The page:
History of Corporate Executive Wages
In any discussion of executive compensation it must be remembered that many reports in the news media focus on extreme cases, and that the compensation for executives of the top-200 companies is likely to be much higher than for smaller companies, of which there are tens of thousands. In addition, the term compensation and how to value it is itself the subject of controversy. For example, should a stock option be counted as compensation before it is exercised?
In the past several decades, the difference between the compensation of corporate chief executives and the pay earned by the average employee has increased dramatically. In 1960, the average chief executive earned 40 times as much as the average worker. By 1990, the average CEO earned 107 times as much. In the following decade, this ratio rose to 525:1 before settling back to 301:1 in 2003. Various sources give slightly different ratios, but all are in general agreement that the ratio of executive compensation to the pay of ordinary workers has grown dramatically over the past four decades.
Executive compensation includes much more than simply a paycheck. Most important is the value of stock options, which give executives the right to buy shares in a corporation at a given moment at the price the share sold for on that day. Over time, if the share price rises, executives have a chance to buy the stock at the old, set price and then sell it at the new, higher price. Since the value of corporate shares, and the hope that the price will rise over time, is the reason investors buy stock in the first place, stock options are widely viewed as a means of assuring that an executive's personal incentives are in line with the goals of investors.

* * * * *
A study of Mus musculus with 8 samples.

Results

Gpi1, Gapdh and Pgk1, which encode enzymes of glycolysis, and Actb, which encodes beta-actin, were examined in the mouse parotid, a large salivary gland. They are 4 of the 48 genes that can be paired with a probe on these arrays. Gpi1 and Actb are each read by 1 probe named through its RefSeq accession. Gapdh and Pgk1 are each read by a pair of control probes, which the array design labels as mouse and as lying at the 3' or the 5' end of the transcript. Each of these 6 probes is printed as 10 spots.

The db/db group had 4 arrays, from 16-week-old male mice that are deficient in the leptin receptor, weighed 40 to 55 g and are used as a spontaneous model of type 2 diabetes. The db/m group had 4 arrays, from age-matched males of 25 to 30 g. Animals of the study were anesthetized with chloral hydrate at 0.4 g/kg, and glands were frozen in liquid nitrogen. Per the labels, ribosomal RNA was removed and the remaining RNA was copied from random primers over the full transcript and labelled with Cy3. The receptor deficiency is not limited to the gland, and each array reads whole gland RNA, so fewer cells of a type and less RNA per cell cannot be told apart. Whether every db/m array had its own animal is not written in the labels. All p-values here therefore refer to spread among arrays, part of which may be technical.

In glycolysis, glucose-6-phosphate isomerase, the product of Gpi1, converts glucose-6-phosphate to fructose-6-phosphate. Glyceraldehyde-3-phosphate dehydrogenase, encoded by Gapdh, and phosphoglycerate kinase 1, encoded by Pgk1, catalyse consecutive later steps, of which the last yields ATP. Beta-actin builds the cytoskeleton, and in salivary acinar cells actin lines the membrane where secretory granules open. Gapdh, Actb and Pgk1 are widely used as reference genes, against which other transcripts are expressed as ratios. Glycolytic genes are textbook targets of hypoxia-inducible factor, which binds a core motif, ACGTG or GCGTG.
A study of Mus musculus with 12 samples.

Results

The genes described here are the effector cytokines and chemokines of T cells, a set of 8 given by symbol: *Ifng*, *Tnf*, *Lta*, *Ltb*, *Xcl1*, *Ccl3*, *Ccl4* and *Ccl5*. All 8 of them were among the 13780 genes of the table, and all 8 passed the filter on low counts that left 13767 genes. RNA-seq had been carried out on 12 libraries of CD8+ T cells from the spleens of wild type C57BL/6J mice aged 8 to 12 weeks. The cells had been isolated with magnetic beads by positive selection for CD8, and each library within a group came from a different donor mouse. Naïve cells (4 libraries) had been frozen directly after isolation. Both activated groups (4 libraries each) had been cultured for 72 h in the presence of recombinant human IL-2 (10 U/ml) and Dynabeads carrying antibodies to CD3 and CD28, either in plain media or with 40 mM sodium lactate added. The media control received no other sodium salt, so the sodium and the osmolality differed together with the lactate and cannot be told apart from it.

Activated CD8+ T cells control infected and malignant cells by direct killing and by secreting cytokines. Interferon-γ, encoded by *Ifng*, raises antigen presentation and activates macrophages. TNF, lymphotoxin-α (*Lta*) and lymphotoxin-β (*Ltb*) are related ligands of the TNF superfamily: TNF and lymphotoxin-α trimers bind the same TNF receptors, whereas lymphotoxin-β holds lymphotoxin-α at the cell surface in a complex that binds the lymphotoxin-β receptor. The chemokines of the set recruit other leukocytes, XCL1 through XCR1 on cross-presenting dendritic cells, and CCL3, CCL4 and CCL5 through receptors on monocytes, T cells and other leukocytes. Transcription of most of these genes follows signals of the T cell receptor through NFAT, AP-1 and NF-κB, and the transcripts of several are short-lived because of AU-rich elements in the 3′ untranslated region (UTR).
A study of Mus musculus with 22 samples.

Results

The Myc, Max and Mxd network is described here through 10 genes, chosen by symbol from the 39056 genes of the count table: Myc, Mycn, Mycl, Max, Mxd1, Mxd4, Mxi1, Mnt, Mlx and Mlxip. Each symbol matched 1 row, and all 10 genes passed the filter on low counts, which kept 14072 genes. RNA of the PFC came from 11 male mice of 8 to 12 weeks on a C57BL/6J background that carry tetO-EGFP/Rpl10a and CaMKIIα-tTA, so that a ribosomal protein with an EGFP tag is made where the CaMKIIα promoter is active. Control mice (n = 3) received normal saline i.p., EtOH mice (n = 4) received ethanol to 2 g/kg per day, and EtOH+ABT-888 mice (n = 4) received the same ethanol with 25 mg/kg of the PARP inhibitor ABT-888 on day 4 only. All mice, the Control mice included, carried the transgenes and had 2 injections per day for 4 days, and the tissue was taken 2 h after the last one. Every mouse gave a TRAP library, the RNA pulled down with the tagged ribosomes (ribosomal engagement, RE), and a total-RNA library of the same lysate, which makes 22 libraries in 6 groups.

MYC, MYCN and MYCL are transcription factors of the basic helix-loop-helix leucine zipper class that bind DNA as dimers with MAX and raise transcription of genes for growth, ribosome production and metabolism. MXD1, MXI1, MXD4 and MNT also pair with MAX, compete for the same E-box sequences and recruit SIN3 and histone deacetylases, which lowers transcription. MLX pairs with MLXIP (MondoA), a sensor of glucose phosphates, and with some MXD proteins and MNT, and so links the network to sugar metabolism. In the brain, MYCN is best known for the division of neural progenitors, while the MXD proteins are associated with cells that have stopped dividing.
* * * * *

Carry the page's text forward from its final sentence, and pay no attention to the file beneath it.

On the other hand, the disproportionate ratio of executive pay to the pay of ordinary workers usually includes options not exercised; if the stock price falls below the option price, these options become worthless. In addition to options, executives are typically paid a year-end bonus (an extra sum of money on top of their salary, often linked to the company's financial performance or other goals), and given perks (such as company resources for personal use, such as cars, expense accounts, and residences).
Another large element in CEO compensation is a lucrative pension. Over the past few decades, executive pensions have taken a distinctly different direction than pensions promised to ordinary workers. Prior to the 1980s, workers in large corporations were promised a portion of their pay in their last year of employment as a pension after retirement at age 65. Beginning about twenty years ago, many companies began switching to a form of savings, in which a percentage of a worker's pay was put into a personal account that would be handed over upon retirement. For corporations, this meant that pensions were a fixed cost; the company contributed to a worker's employment account and avoided the need to make pension payments that could stretch out to thirty years or more. For CEOs, on the other hand, recent pay packages include deferred compensation in the form of guaranteed payments after retirement. In some cases, executives continue to get perks after retirement for life. Some are even reimbursed for professional financial advice.